The United States Navy is celebrating its 247th birthday today. Because of such an interesting and distinguished path to its current state, today’s post is dedicated to a shorter version of that exciting history.
A Brief History of the United States Navy
On October 13, 1775, the Second Continental Congress passed a resolution to create what was then called the Continental Navy, which was then disbanded after the Revolutionary War. Just shy of two decades later, the Naval Act of 1794 was passed by the House of Representatives and the Senate. The act was passed in order to “provide a Naval Armament” for the United States, and it authorized the president to acquire six frigates – four with 44 guns each and two with 36 guns each – for an initial force.
Throughout its history, there have been two distinct periods for the United States Navy – Old Navy and New Navy.
The “Old” Navy
During the “Old Navy” period, our navy was a small but respected force of simple sailing ships. However, this small force is quite notable for its innovation and use of ironclad ships during the Civil War. Rooted in the country’s seafaring traditions, this period was productive in terms of sailors, captains, and shipbuilders.
The “New” Navy
The “New Navy” period was the result of a large modernization effort that began in the 1880s. It was this effort that made the U.S. Navy the largest in the world by 1943. In 1882, Navy Secretary William Hunt requested congressional funds to build more modern ships. Many of the then-current ship designs were outdated, and over the next decade, multiple steel-hulled cruisers and battleships were constructed. By the start of the 20th century, our navy had moved from being the twelfth largest in the world in 1870 up to sixth place in terms of the number of ships.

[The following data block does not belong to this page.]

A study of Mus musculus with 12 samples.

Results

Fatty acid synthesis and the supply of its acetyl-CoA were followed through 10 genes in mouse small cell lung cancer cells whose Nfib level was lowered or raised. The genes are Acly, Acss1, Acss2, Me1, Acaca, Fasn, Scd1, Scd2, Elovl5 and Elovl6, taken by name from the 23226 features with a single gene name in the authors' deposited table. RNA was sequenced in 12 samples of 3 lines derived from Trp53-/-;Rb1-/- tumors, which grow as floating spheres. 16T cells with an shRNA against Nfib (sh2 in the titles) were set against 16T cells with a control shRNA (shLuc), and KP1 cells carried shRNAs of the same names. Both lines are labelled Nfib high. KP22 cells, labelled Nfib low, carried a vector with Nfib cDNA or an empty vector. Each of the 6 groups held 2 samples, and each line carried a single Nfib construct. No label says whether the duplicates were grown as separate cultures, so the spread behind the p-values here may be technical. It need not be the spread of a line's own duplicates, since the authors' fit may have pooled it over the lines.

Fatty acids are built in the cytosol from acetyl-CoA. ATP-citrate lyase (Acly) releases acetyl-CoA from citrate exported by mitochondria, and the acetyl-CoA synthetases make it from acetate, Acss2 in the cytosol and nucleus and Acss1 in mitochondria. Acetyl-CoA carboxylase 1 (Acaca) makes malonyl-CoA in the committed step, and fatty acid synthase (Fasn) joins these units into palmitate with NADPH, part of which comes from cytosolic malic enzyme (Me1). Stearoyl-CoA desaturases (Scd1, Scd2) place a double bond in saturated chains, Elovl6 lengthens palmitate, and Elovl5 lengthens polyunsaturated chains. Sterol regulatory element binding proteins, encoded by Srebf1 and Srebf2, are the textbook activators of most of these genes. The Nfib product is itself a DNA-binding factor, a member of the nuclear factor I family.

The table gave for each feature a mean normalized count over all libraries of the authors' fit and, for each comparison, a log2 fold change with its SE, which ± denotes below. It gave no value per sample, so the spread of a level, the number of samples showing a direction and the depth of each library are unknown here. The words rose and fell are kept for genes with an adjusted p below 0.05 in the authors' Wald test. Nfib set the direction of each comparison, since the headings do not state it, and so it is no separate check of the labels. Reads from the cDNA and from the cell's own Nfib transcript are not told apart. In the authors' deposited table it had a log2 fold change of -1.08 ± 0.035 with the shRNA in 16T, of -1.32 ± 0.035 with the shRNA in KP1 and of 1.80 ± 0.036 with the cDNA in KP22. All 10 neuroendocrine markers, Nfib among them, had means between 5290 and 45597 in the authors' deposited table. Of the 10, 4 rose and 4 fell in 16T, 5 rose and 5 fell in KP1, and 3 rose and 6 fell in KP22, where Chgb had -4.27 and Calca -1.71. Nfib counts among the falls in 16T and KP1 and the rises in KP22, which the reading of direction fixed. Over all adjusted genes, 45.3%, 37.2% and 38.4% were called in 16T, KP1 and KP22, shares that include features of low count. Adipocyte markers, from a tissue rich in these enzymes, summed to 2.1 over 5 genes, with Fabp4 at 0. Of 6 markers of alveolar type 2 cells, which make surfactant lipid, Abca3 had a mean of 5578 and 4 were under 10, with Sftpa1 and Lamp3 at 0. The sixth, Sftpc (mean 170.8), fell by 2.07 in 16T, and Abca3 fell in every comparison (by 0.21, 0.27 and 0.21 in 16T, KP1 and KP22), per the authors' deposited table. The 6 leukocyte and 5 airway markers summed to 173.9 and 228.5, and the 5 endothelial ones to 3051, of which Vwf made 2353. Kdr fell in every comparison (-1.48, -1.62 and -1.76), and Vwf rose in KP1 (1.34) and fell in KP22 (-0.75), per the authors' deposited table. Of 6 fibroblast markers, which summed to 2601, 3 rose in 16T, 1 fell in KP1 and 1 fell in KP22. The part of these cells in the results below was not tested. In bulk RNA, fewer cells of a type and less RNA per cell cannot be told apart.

The Navy Act of 1890 authorized the construction of three battleships – the USS Indiana, the USS Massachusetts, and the USS Oregon, followed a short time later by the USS Iowa. Later, under President Theodore Roosevelt, the Navy went from sixth in the world to second, with the Royal Navy being larger.
The Modern U.S. Navy
Over time, nuclear power offered an efficient new way to propel ships and ballistic missile technologies provided new and advanced weapon systems. However, by 1978, the number of ships in the naval force had shrunk to around 400 and most of them were from the World War II era. As such, a new program was instituted that would develop America’s naval forces to a modernized, 600-ship navy.
Today, the U.S. Navy boasts seven active fleets, approximately 296 active ships, 72 submarines, 346, 200 active-duty personnel and has naval bases around the United States and throughout the world.
Happy 247th Birthday to America’s Navy!